Friday, July 31, 2009

Redskins 2009 Preview: Defensive Backs

Through July, I will be running positional breakdowns for the Washington Redskins. Each assessment will be broken down into four areas: Past Statistics, Experience/Potential, Positional Competition, and Intangibles.

Today we’re addressing defensive backs. The defensive backfield for the Washington Redskins looks significantly different than one might have predicted two offseasons ago. The loss of Sean Taylor still stings Redskins fans and the organization as a whole, but I believe it’s safe to say that the group has been able to move forward (not on…there’s a difference), and 2009 should see some improvement from the corners and the safeties.

Past Statistics

Statistically, the DBs did not put up spectacular numbers, but they performed well as a cohesive unit. Chris Horton and LaRon Landry came in 3rd and 4th on the team in tackles respectively, which isn’t entirely unsuspected for two safeties. The surprising stat for me is Carlos Rogers and Fred Smoot following them at 5th and 6th on the list. They managed to sacrifice little against the pass despite their improved run support. As a group, they carried the 7th best yards per game average (193.4), 5th best touchdowns against total (16), and 5th lowest yards per catch average (6.3). The two glaring problems were giving up the big play (8 plays of 40+ yards which was 12th worst in the league) as well as big play ability. The defensive backs collectively hauled in only 11 interceptions, and the team’s 13 total picks were only 17th in the league, which is atrocious for such a talented group. Like the linebackers, the corners must improve their big-play ability, and get over their “hands of stone” mental blocks. I can’t even begin to count the number of interceptions that Smoot and Rogers dropped over the course of the 2008 season.


Overall, this probably the youngest group on the roster. Landry must begin to create some more turnovers if he wants to be considered an “elite” safety in the league, but he’s done quite a bit in his two seasons to earn a reputation as a very reliable starter. Chris Horton came out of left field to seize the starting strong safety position, and while he only started 10 games in 2008, he led the way in tackles and interceptions. He has far better range than anyone thought, and he has a nose for the football. I’m excited to see his improvement in year two under Greg Blache. Rogers is now entering his 5th season in the NFL and must thrive in the #1 role with the loss of Shawn Springs. DeAngelo Hall seems like he’s been in the league forever, but he’s still only 25 with more room to improve. He has elite speed and great hands, and SHOULD become the team’s shutdown corner if he works hard enough. Smoot is still a good nickel corner, but it will hurt if Rogers misses time with injuries again in 2009. Kevin Barnes seems to have the hitting ability, and my Terp friends (correction: friend…Chris Hurst) tell me that he has the ability to be a regular starter in the league, so if he develops well as the dime back, the corners will be VERY deep.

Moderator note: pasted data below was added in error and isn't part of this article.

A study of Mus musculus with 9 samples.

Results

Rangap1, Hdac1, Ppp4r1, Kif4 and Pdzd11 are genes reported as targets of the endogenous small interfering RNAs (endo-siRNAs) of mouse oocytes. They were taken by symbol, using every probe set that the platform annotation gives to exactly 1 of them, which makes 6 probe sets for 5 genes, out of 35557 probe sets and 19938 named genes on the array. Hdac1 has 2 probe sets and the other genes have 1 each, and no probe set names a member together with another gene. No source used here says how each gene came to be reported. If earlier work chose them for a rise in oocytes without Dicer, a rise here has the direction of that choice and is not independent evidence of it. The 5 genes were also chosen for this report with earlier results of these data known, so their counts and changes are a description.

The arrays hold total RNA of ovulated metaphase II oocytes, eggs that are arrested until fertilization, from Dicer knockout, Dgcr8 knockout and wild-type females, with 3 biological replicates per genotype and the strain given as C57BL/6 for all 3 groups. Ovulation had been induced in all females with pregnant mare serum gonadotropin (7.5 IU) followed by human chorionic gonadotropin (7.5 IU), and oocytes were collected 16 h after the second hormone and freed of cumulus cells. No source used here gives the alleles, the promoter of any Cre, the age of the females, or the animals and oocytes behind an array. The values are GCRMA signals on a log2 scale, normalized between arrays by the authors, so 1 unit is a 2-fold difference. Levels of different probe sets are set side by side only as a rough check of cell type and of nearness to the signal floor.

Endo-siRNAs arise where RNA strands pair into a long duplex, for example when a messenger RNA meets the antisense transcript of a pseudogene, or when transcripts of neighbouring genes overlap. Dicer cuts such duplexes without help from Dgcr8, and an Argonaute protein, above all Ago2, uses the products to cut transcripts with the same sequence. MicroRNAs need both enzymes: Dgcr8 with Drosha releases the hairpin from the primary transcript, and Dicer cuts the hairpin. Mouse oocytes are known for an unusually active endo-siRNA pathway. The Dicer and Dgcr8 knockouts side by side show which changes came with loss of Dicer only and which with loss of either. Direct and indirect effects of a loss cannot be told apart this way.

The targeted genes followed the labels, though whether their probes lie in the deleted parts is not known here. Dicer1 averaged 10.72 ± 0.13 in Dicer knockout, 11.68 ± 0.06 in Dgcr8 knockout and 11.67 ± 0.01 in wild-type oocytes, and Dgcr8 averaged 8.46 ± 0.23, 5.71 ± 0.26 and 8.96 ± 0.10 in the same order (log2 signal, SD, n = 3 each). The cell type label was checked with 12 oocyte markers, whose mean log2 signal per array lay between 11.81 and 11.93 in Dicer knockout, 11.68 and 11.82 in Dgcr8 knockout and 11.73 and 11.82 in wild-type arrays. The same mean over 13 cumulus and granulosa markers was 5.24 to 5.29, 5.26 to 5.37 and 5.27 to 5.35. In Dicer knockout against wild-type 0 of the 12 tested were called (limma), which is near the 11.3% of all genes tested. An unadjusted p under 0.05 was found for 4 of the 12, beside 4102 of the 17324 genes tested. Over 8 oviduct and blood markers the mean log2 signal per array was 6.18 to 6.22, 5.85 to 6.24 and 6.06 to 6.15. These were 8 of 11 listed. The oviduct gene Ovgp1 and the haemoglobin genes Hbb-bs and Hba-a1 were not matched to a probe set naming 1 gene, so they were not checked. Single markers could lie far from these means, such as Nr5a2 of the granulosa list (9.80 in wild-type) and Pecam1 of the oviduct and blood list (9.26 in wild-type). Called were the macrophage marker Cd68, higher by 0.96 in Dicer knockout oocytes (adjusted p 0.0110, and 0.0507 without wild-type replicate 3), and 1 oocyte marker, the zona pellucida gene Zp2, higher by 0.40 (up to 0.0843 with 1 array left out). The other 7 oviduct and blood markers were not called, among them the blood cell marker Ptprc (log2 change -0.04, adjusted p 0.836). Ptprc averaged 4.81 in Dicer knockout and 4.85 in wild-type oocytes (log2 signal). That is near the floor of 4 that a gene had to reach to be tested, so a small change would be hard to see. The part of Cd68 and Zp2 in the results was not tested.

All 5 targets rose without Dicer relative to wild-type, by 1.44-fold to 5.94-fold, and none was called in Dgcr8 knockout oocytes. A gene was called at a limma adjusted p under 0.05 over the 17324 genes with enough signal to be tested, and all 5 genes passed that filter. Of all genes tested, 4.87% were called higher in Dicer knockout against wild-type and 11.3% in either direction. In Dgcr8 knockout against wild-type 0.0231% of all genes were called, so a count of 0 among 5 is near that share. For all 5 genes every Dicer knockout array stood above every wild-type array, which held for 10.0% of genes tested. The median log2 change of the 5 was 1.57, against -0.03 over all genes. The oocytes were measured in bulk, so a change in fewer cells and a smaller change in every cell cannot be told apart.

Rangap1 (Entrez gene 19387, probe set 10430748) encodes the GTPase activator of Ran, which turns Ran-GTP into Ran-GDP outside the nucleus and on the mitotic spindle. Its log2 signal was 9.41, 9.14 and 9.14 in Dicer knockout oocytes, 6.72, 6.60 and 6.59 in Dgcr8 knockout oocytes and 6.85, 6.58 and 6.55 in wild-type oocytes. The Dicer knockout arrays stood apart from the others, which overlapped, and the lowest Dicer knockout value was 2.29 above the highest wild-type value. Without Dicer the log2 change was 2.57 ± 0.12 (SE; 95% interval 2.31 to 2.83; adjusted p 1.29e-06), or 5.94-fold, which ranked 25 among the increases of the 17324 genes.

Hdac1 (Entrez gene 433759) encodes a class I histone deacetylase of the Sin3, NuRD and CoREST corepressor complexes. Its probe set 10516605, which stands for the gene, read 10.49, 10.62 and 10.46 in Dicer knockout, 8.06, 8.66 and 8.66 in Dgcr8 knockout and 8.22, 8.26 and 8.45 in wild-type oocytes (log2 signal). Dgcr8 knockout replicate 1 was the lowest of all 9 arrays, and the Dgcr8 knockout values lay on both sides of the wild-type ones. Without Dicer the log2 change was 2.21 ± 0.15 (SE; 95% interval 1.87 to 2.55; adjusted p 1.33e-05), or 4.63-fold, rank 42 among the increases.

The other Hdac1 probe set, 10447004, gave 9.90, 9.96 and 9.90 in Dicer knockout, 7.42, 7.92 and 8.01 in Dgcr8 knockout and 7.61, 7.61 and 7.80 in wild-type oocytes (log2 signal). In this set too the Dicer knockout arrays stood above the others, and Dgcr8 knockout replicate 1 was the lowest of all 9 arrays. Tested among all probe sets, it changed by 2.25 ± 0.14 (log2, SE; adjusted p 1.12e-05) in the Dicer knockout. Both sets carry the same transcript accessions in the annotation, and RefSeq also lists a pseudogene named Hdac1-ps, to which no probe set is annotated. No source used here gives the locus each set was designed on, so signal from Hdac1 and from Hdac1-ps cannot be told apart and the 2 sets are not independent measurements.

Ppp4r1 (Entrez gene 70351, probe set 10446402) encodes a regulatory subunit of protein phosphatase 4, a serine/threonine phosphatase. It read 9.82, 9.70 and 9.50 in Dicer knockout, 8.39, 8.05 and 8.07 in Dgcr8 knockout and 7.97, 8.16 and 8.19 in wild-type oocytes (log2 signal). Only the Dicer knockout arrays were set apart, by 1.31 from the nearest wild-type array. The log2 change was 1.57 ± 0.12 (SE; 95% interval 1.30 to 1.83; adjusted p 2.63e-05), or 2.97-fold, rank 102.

Positional Competition

Horton, Landry, Rogers, and Hall have the starting positions locked down. Smoot should have a strong grasp on the nickel spot. The most interesting competition out of the defensive backs will be for the 4th and 5th spots. There are three guys in the mix: the aforementioned Barnes, Justin Tryon, and Byron Westbrook. Barnes, a 3rd round pick, has good size at 6’1”, 188 lbs, and has a nasty reputation for making guys throw up (shown below). He started 20 games at the University of Maryland with 5.5 tackles for loss, six interceptions and two forced fumbles. Tryon, a 4th rounder in 2008 struggled mightily when he made it on the field last season. He is relatively diminutive (5’9” 183) and showed below average cover skills. He remains a BIG work in progress. Westbrook has latched onto the ‘Skins practice squad the last two seasons after being signed as a rookie free agent in 2007. This will be his last opportunity to make the team as a regular. He has shown a lot of fight and won’t give up his spot easily, but he’s also small and hasn’t made any impact on the field to date.


It would be easy to say that losing the experience of Shawn Springs is going to be big, and it will be, but it’s time for this group to grow up and move on. Springs durability has been terrible in recent seasons, and while he was very tough to throw on when he did make it onto the field, he’s replaceable. How Rogers steps up in the top dog role will say a lot about how the season will go, but don’t count out the impact that DeAngelo Hall might have. He’s PISSED that he’s being overlooked and criticized (especially by the Madden ratings guys), and he’s going to play with a chip on his shoulder. Having watched him for three years in Blacksburg and then with the Falcons, he plays well when he’s angry (not cocky). A leader must also emerge to take the place of Springs in the locker room. My money is on Landry, but it might be a void that they aren’t able to fill.

Final Assessment

The defensive backfield is one of the most comfortable positions for the coaching staff, with a nice mix of experience and young talent. It’s a group of three first round picks and a former no-name, and they seem to have great chemistry. If they can generate more interceptions to flip the field for the offense, they could be the best unit on the roster. My money is on Hall to emerge as the player he’s capable of being, and that’s a VERY bad thing for Messrs Romo, Manning and McNabb.